Revisiting a Talent That Was Los Angeles’ Own


The end of a millennial century approaches. The event seems to have roused Los Angeles to awareness of possessing a tangible past. Serious histories and critiques of the urban fabric appear regularly along with exhibitions reminding us that there was L.A. art before it got famous in the 1960s.

The latest such event is Pomona College’s “Rico Lebrun: The Drawings for Genesis.” Housed in the Montgomery Gallery and organized by its director, Marjorie L. Harth, the exhibition draws attention to an all-but-forgotten artist once considered the resident Angel town genius.

Born in Naples, Italy, in 1900, Rico Lebrun died in Los Angeles in 1964. Immigrating to New York as a commercial artist, he moved to L.A. in 1930 and taught drawing to fledgling Disney animators at Chouinard Art Institute. By the end of World War II, he’d retooled himself into a dedicated fine artist. He was a lean, handsome guy, short of stature but long of nose. An impressive draftsman and, by all accounts, a charismatic lecturer, his style was a melange of Michelangelesque drawing, Picasso structure and Abstract Expressionist gesture.


He inspired something of a school. It included such painters as William Brice and Howard Warshaw and sculptors Jack Zajac and Robert Cremean, among others. They formed what amounted to a West Coast version of a European postwar “Monster” school, whose inspiration numbered such figures as Alberto Giacometti, Jean Dubuffet and Francis Bacon. The style represented a horrified Existential recoil against the Holocaust and the continuing threat of nuclear apocalypse. Lebrun pronounced himself a humanist follower of Sartre, Kafka and Camus.

In 1958, Lebrun finalized a commission from Pomona College to execute a mural on Frary Hall, which houses the institution’s picturesque medieval dining room. Lebrun was attracted to the site because it contains another landmark mural, “Prometheus,” executed in 1930 by the great Mexican muralist Jose Clemente Orozco.

Lebrun undertook the biblical subject of Genesis. Painted in tones of black on a false white wall, it surrounds the inside of an arch leading to the hall staircase. Its central figure is a battered post-deluge Noah protectively embracing a child amid the rubble of the ark. Reading counterclockwise from the lower left, one sees the expulsion of Adam and Eve from Eden, Cain and Abel fused into a single body, the corpses of Sodom and Gomorrah, a crippled, angry Job, and, finally, doomed figures trying to escape the flood. Lebrun seems to have been trying to imagine Michelangelo’s “Last Judgment” as if painted by Goya. The figures have an odd, ectoplasmic translucence that adds to general grimness.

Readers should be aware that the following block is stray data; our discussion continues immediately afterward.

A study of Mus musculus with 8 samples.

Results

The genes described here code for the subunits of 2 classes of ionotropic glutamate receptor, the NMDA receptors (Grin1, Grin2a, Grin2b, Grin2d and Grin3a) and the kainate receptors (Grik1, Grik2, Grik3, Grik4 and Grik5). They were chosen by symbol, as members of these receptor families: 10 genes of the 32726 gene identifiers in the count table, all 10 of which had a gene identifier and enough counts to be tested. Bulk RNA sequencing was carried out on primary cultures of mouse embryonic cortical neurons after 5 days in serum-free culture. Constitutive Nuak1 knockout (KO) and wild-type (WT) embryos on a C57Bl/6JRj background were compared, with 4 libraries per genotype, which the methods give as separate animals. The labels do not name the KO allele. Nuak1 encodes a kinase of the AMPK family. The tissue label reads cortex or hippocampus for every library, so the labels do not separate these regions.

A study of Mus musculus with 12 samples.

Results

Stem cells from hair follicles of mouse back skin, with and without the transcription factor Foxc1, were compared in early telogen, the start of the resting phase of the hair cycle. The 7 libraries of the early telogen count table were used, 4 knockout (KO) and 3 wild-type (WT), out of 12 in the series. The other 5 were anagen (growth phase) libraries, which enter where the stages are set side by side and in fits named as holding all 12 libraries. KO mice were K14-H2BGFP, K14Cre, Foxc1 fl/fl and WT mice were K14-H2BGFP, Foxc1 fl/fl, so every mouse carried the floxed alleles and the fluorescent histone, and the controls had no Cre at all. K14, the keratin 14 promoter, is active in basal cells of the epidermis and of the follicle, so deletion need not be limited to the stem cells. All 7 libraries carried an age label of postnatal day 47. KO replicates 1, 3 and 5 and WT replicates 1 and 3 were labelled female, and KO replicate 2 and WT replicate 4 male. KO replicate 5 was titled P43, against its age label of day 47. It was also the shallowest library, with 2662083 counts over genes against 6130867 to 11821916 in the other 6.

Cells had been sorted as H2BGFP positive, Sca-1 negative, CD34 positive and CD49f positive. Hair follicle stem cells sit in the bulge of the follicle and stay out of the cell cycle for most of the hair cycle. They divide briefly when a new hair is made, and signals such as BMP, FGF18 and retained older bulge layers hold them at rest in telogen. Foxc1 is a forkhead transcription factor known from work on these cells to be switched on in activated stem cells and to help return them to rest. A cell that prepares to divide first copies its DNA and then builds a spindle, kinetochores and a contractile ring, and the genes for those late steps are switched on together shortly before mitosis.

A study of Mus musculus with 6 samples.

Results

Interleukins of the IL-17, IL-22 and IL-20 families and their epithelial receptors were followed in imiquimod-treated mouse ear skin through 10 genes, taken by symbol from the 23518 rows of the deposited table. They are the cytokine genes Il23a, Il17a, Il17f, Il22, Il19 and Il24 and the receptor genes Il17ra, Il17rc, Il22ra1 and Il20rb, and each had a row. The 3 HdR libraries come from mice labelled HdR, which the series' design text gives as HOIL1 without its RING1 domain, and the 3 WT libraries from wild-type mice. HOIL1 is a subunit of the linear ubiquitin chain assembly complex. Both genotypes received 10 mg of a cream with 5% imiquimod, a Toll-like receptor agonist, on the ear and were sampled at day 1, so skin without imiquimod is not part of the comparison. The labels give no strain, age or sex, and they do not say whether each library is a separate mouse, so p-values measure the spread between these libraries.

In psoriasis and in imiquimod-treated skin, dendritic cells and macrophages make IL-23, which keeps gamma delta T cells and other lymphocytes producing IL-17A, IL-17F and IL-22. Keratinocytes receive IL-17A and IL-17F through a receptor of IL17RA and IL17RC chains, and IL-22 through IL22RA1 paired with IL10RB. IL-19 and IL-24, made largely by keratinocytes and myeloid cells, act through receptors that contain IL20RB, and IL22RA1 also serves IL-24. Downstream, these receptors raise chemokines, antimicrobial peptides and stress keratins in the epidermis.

This exhibition of preparatory drawings and some related sculpture is on the whole impressive. Lebrun liked to work in washes on big pieces of butcher paper. When he wanted a correction, he’d just bandage on a new piece and work ahead. The practice lends the drawings a muscular spontaneity and displaces the space into implied Cubist facets.

Buffs like to argue about whether Lebrun really drew as well as his reputation claims. Reasonable grounds for this doubt are evidenced in big sketches for the mural, such as “Horse of the Apocalypse.” The problem arises from the fact that it’s almost impossible to do a probing anatomical drawing and make a dramatic abstract gesture at the same time.

In a related installation of illustrations for Dante’s “Inferno,” Lebrun worked at normal draftsman’s scale. In examples like “Tormented Shades,” his anatomical description is both elegant and accurate.


As an artist, Lebrun was trying heroically to graft Old Master skills to Modernist forms. That he succeed as well as he did is admirable. Taken on its own terms, his art constitutes significant accomplishment. Lebrun was the first Southland artist to clearly articulate the expansive, Baroque sensibility that would come to fruition in the work of his successors, Ed Kienholz and Robert Irwin.

Why then has his contribution been so obscured? There was plenty of sniping from his rivals, but that barely counts. What really hurt Lebrun was a historic aesthetic sea change after the war. Lebrun wanted to perpetuate a legacy of European humanism, literate and frankly grounded in established old world conventions. Victorious Yankees wanted all that translated into the American argot. Lebrun’s art spoke with too foreign an accent.

He also had a geographic problem. Artistically and otherwise, Los Angeles has a long history of denying life’s tragic factor. Why look at all that gruesome stuff when it’s so nice at the beach?


* Pomona College, Montgomery Gallery, 333 N. College Way, Pomona, through March 29, closed Mondays, (909) 621-8283.